TORONTO - Ontario's Progressive Conservative Leader plans to announce today how he'll eliminate the province's projected $12.5-billion deficit before 2017 — a year the Liberals say they can balance the books.
Tim Hudak told a town hall meeting in Kitchener, Ont., on Thursday night that he'd start the deficit fight with a two-year wage freeze for everyone in the broader public sector.
Hudak — who will campaign in Barrie today — says the freeze will affect politicians as well as civil servants, nurses, teachers and anyone else paid by taxpayers.
Liberal Premier Kathleen Wynne starts her day in Kingston, and plans campaign stops in Quinte West, Trenton and Pickering, before returning to Toronto for an evening speech.
NDP Leader Andrea Horwath will be campaigning in Windsor and Woodstock, before returning to Toronto to speak at a union convention this afternoon.
Federal Treasury Board president Tony Clement waded into the Ontario election fray on Thursday, calling for Wynne's defeat and a government run by Hudak.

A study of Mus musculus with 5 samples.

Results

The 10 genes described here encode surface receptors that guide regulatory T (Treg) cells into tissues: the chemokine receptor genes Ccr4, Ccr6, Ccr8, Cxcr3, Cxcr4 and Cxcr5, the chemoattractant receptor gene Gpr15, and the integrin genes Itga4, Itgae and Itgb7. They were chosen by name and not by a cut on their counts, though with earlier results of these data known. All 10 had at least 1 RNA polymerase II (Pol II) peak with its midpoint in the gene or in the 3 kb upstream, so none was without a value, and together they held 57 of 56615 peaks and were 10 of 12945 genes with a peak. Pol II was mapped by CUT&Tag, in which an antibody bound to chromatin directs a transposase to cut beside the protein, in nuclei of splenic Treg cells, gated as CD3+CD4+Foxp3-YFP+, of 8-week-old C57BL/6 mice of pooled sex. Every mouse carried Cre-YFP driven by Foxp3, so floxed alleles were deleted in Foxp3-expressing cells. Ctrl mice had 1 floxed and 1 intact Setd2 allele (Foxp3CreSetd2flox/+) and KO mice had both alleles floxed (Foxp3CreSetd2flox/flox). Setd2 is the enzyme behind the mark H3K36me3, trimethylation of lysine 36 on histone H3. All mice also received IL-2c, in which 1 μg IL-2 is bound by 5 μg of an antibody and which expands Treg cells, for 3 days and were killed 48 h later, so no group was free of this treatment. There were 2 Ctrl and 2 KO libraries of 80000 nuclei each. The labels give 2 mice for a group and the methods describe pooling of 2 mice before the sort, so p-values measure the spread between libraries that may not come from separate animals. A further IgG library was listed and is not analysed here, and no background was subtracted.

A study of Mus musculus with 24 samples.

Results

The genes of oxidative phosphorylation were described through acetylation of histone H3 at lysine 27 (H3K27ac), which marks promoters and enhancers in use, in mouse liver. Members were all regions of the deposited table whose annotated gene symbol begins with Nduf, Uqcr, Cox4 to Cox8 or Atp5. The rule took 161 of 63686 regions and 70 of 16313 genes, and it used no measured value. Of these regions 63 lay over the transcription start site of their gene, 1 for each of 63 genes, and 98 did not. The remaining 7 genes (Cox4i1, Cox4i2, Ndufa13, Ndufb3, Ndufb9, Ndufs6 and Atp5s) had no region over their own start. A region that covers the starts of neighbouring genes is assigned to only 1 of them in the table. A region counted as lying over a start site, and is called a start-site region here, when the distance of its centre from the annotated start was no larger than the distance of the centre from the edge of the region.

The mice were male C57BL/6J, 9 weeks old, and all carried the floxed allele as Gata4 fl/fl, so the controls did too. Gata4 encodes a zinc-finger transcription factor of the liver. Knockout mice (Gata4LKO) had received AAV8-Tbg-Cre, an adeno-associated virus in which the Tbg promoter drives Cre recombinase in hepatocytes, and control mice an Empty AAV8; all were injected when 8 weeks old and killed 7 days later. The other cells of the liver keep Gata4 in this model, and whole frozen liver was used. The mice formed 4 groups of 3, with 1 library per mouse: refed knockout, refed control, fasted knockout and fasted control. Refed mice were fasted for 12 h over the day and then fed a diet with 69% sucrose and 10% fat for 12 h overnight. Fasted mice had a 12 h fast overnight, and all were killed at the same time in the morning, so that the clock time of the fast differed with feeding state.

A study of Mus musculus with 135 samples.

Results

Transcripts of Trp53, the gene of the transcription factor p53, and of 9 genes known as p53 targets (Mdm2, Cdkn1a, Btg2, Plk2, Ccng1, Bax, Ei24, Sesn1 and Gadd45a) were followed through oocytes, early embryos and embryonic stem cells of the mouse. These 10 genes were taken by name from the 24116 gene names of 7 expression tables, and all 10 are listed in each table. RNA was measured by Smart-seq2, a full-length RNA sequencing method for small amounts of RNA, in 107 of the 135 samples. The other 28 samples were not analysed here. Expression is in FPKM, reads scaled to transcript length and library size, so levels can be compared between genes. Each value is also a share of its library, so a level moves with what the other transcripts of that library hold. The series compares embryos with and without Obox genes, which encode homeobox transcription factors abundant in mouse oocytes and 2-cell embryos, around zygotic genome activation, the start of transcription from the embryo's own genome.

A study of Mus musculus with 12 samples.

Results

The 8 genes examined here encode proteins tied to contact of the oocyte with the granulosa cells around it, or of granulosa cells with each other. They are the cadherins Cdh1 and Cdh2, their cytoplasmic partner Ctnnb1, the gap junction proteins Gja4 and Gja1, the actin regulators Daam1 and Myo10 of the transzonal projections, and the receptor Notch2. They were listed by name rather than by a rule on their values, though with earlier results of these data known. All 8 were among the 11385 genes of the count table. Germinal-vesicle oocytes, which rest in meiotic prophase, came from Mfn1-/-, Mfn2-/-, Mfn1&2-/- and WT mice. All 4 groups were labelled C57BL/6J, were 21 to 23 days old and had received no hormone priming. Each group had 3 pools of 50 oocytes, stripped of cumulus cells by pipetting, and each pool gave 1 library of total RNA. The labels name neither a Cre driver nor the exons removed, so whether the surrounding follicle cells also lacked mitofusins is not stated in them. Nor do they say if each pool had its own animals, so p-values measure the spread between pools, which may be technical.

Clement accused Wynne of strategically attacking his government to deflect attention from her party's "disastrous record."
Wynne launched another salvo towards the prime minister at a campaign stop in Ottawa, saying Harper is ignoring the needs of Ontario.
And she cast Hudak as a toady who won't stand up for Ontario.
Hudak took the first step Thursday to reveal how he plans to create one million jobs over eight years.
Hudak said he'd start with getting more young people into apprenticeships for the skilled trades.
Allowing more apprentices on work sites so young people can get good-paying jobs as plumbers, welders or electricians and help address a labour shortage in the skilled trades makes good sense, he said.
The Tories say changing apprenticeship ratios is an easy fix to a growing labour shortage in the trades and a good way to start addressing the high unemployment rate among youth.
NDP Leader Andrea Horwath says only her party can be trusted to create new jobs in Ontario.
She visited a Niagara Falls auto parts plant Thursday to tout a tax credit that would compensate employers for bringing on new staff — a goal she says the Liberals and Tories can't be trusted to do.